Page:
A List Apart

Menu
Issue № 321

Learn to let client criticism improve your design instead of just watering it down. And come to grips with the design of digital reading experiences.

A Simpler Page

by Craig Mod · 27 Comments

Want to design a book? There are mountains of beautifully designed examples to inspire you. But what about digital books? How do you create elegantly typeset, gloriously balanced reading experiences when tablets render type differently and support different fonts, text can extend in every direction, and type can change size? Craig Mod (Flipboard, Art Space Tokyo) addresses these questions and presents the initial release of Bibliotype, an HTML baseline typography library for tablet reading.

Design Criticism and the Creative Process

by Cassie McDaniel · 19 Comments

In every design project, at some point we quit what we're doing and share our unfinished work with colleagues or clients. This begs the question: Just what does the critique do for the design and the rest of the project? Do critiques really help and are they necessary? If so, how do we use their inconsistencies to improve our creative output? Cassie McDaniel explores how critiques can help us navigate complex processes and projects and collaborate effectively to create original and engaging work.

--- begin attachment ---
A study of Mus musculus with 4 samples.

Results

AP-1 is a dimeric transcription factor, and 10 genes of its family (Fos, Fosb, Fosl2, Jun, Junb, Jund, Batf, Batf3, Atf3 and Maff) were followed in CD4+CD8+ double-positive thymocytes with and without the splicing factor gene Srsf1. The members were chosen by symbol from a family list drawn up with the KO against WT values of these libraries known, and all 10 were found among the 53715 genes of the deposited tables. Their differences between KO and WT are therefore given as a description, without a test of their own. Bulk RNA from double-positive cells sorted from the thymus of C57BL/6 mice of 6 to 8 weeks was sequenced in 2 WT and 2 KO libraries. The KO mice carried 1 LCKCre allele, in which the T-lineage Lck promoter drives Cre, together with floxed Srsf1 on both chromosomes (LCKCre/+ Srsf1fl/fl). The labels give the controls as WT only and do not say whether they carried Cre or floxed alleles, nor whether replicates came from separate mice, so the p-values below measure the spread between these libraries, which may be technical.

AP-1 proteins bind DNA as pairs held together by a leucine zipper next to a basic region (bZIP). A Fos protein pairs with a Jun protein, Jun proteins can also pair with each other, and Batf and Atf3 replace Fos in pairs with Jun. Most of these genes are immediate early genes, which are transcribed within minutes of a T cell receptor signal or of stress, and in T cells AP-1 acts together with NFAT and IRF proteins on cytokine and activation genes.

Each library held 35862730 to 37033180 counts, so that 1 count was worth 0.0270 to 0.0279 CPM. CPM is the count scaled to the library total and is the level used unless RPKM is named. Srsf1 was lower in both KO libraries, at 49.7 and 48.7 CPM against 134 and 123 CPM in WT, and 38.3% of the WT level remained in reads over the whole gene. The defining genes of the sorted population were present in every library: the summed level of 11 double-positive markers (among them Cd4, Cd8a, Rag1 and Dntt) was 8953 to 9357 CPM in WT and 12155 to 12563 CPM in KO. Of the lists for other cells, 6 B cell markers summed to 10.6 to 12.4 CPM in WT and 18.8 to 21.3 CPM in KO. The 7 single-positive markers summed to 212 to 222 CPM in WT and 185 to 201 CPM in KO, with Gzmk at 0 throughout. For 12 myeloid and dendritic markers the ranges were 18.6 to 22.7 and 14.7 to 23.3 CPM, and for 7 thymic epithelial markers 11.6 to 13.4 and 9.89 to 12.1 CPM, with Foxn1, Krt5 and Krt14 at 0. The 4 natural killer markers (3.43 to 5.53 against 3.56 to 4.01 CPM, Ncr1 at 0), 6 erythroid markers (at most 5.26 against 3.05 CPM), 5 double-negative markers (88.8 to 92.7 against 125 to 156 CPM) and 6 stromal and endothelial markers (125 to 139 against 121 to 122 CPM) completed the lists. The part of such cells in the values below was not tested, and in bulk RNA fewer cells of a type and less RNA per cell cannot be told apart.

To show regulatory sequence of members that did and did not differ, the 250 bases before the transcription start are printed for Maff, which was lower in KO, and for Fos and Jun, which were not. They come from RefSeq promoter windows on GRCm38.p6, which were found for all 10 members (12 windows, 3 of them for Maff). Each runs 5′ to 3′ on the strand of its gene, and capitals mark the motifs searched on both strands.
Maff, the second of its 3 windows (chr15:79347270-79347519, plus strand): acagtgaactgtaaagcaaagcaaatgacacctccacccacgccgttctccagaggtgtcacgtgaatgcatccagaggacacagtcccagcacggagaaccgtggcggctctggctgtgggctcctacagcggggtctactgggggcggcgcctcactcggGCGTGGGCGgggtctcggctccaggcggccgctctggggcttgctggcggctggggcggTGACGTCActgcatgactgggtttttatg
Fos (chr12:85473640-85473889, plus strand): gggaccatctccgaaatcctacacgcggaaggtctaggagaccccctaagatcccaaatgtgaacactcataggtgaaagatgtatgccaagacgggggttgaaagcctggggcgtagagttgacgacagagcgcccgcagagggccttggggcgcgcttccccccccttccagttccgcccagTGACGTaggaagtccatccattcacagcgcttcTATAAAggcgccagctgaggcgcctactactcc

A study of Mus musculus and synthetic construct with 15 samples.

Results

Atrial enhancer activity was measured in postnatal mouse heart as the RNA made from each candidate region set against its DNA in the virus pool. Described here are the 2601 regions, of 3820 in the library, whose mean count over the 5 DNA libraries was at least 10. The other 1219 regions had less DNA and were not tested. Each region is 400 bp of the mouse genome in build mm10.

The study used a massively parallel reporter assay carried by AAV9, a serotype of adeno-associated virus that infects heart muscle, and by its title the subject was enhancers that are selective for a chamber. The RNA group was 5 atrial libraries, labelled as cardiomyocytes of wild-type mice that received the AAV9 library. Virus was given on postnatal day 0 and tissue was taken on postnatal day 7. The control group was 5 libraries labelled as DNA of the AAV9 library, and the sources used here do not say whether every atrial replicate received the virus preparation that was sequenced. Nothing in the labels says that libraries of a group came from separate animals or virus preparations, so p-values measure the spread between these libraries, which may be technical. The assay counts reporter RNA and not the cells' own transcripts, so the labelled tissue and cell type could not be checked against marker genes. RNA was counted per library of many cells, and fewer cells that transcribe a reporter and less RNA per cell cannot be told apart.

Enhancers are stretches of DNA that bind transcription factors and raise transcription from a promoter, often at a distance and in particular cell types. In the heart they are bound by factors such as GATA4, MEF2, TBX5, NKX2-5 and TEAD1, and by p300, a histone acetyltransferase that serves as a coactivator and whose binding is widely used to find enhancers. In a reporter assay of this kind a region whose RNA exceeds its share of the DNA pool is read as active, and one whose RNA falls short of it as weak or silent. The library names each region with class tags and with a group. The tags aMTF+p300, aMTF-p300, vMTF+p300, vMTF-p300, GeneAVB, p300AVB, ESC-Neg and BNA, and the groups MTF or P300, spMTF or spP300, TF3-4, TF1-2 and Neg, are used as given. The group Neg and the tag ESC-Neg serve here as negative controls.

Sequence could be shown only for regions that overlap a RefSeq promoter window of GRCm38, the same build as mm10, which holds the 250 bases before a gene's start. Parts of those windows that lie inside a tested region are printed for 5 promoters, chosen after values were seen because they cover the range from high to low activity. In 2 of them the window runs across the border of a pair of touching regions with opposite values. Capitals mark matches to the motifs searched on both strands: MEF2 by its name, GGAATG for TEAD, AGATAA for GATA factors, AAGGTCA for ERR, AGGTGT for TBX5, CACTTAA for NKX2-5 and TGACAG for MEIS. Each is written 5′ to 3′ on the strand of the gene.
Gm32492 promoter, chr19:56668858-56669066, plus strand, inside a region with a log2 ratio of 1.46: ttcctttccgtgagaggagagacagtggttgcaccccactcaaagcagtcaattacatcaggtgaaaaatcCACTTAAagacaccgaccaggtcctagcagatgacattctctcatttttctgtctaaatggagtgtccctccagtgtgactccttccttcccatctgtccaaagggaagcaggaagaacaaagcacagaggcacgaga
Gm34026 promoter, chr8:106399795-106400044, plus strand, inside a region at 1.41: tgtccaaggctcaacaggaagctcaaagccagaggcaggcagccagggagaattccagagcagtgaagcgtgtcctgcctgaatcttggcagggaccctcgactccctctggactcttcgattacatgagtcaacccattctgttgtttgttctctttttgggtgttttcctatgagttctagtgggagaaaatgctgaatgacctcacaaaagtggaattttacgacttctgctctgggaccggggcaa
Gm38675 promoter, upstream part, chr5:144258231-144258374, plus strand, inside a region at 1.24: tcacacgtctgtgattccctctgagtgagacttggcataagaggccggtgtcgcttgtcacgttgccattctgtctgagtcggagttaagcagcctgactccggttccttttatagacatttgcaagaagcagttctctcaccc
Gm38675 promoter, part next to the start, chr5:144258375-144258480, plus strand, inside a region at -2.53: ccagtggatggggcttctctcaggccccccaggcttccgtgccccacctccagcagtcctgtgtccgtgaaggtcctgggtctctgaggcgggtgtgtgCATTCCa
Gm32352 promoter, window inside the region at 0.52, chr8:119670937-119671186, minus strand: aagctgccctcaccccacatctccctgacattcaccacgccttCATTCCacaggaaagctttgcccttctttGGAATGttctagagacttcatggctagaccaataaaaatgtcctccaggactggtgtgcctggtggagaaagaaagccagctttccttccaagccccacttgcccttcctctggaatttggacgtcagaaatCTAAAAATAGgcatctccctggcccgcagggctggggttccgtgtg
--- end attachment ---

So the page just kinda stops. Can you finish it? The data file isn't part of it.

More from A List Apart

Columnists

Nishant Kothary on the Human Web

The Politics of Feedback

We’re obsessive about collecting input from a wide range of potential users and stakeholders. But with such an onslaught of feedback, there’s always a risk of having your motivation and faith in humanity sucked right out of you. Sometimes, you just need calm critique from the few people who really get you. So which kind of feedback is best? The answer is both.

From the Blog

Learning to Be Flexible

As a freelancer, I work in a lot of different code repos. Almost every team I work with has different ideas of how code should be organized, maintained, and structured. Now, I’m not here to start a battle about tabs versus spaces or alphabetical order of CSS properties versus organizing in terms of concerns (positioning styles, then element layout styles, then whatever else), because I’m honestly not attached to any one system anymore.

Personalizing Git with Aliases

Part of getting comfortable with the command line is making it your own. Small customizations, shortcuts, and time saving techniques become second nature once you spend enough time fiddling around in your terminal. Since Git is my Version Control System of choice (due partially to its incredible popularity via GitHub), I like to spend lots of time optimizing my experience there.